You’ve likely heard of the “12 Steps of Alcoholics Anonymous” and “12-step-based addiction treatment.” Maybe you even know the “Steps” already. If not, please see the graphic below.
Rather than going into detail on the hows and whys of each Step (AA’s own publications, among other resources, have that well covered), this article will look at the general principles and purposes of the 12 Steps.
Principles and Goals of the 12 Steps
The 12 Steps are excellent tools for maximizing the effectiveness of long-term addiction recovery by:
- Understanding and facing up to personal weaknesses
- Taking responsibility for one’s actions, especially actions that have negative repercussions for other people
- Being willing to work toward improvement—and understanding that recovery is a lifelong process, not a problem to be solved and forgotten
- Accepting ongoing support and accountability from others (people who feel socially isolated—or are too proud to admit they can’t handle everything alone—are at high risk for relapse)
The primary goal of the 12 Steps is simple: give up an addictive substance or habit and stay free of it for a lifetime. Secondary goals, which vary from individual to individual, focus on building a purposeful future, avoiding temptation and staying close to a support network.
It is also important to understand what the 12 Steps are not. First, while spirituality is a core component of the process, this is not a program affiliated with any one religion. Instead, participants are asked to identify their own Higher Power, which will empower them in their recovery. The 12 Steps are also not standalone or overnight cures for addiction. They are intended to function alongside physical treatments for addiction, such as medical detox and evidence-based therapies.
At Still Waters, we specialize in helping people to work the Steps over the course of several months. Are you ready to get started on your own 12-Step journey? Read on for some advice and inspiration.
How to Start Working the Steps
The 12 Steps are highly effective when both participant and group understand how things should work. If you’re considering a 12-step program:
- Ask a doctor if you need medical detox first (“cold turkey” withdrawal can be dangerous).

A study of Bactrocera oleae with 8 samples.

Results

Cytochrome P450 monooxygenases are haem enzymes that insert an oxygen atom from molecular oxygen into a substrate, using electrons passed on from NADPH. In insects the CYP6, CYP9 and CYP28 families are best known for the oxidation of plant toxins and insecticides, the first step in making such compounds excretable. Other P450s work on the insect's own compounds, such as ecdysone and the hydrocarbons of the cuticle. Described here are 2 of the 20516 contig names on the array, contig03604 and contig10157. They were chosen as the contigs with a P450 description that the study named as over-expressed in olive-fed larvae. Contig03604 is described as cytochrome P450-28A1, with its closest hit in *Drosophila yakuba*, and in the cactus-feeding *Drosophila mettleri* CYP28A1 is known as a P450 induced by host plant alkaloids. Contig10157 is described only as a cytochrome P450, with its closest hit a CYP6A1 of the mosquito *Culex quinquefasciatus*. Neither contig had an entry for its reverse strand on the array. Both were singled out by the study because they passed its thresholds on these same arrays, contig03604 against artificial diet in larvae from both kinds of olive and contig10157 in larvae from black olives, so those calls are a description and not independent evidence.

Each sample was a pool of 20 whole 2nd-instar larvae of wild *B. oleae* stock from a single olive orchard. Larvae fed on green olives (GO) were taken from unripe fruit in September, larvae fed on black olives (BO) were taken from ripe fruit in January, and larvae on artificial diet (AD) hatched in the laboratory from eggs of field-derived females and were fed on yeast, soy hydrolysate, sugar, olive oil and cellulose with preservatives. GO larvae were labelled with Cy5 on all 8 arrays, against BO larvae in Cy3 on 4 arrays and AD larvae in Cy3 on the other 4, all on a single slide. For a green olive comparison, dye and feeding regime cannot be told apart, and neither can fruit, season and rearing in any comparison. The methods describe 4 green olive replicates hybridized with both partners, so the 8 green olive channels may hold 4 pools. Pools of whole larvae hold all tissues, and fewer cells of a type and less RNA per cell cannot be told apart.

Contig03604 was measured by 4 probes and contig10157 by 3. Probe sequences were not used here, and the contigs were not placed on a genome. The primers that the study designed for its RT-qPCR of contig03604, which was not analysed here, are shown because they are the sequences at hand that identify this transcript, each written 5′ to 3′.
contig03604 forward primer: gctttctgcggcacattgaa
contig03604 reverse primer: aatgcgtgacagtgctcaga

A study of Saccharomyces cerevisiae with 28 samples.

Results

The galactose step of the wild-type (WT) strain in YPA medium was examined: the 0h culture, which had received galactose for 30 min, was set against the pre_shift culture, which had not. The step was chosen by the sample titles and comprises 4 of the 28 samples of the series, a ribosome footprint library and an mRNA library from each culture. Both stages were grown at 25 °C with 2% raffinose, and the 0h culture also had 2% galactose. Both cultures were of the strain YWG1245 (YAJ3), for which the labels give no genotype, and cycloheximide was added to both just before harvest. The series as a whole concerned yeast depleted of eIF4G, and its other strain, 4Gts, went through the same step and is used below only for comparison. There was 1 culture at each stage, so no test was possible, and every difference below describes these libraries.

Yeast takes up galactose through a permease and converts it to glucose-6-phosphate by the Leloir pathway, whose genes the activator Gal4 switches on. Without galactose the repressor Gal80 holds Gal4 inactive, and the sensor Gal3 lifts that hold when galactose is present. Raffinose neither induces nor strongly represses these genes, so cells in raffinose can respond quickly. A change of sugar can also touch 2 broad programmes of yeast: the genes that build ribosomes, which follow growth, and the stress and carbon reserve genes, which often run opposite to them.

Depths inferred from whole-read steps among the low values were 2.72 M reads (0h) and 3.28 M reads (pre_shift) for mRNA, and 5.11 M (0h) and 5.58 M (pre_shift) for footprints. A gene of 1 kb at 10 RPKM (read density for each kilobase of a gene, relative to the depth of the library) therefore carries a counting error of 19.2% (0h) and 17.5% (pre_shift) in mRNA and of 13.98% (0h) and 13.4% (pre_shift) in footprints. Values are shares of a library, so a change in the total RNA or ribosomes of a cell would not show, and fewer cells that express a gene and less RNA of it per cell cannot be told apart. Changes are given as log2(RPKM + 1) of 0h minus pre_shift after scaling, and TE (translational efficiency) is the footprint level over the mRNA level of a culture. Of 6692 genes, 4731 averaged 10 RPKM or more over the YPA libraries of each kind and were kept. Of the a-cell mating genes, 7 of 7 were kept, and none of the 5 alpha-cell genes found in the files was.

- Look for a group that has a good reputation and is sponsored by a reliable organization, like Still Waters (which is a part of Cumberland Heights).
- Consider a single-gender group to minimize distraction and build community.
- “Test-drive” the group(s) you’re considering by visiting a few meetings as a guest.
- Understand that the first year after detox is a period of high emotional vulnerability: make friends with fellow participants, but be sure to avoid forming intimate attachments.
- Keep up individual counseling outside of 12-Step meetings.
- Go in with a firm commitment to working the program (reaching outside your comfort zone, being honest about your weaknesses and making amends for your mistakes) so it works for you.
- Keep up regular attendance and stay alert for signs you may be getting careless or overconfident.
- If you slip into relapse, confess to your doctor, your sponsor, your peers and your Higher Power, and accept their help for regaining your footing. Again, remember that recovery is a lifelong journey.
A Unique 12-Step Immersion Program
Our program at Still Waters is specially designed to support recovery from alcoholism and other drug addictions by integrating clients into 12-step-based spirituality as a way of life. We focus on the individual’s long-term needs for mentoring, fellowship and motivation. If you’re currently detoxed from drug use but feeling on the edge of relapse, and especially if you’ve found the standard methods of addiction treatment inadequate, contact us to learn how our approach can help you.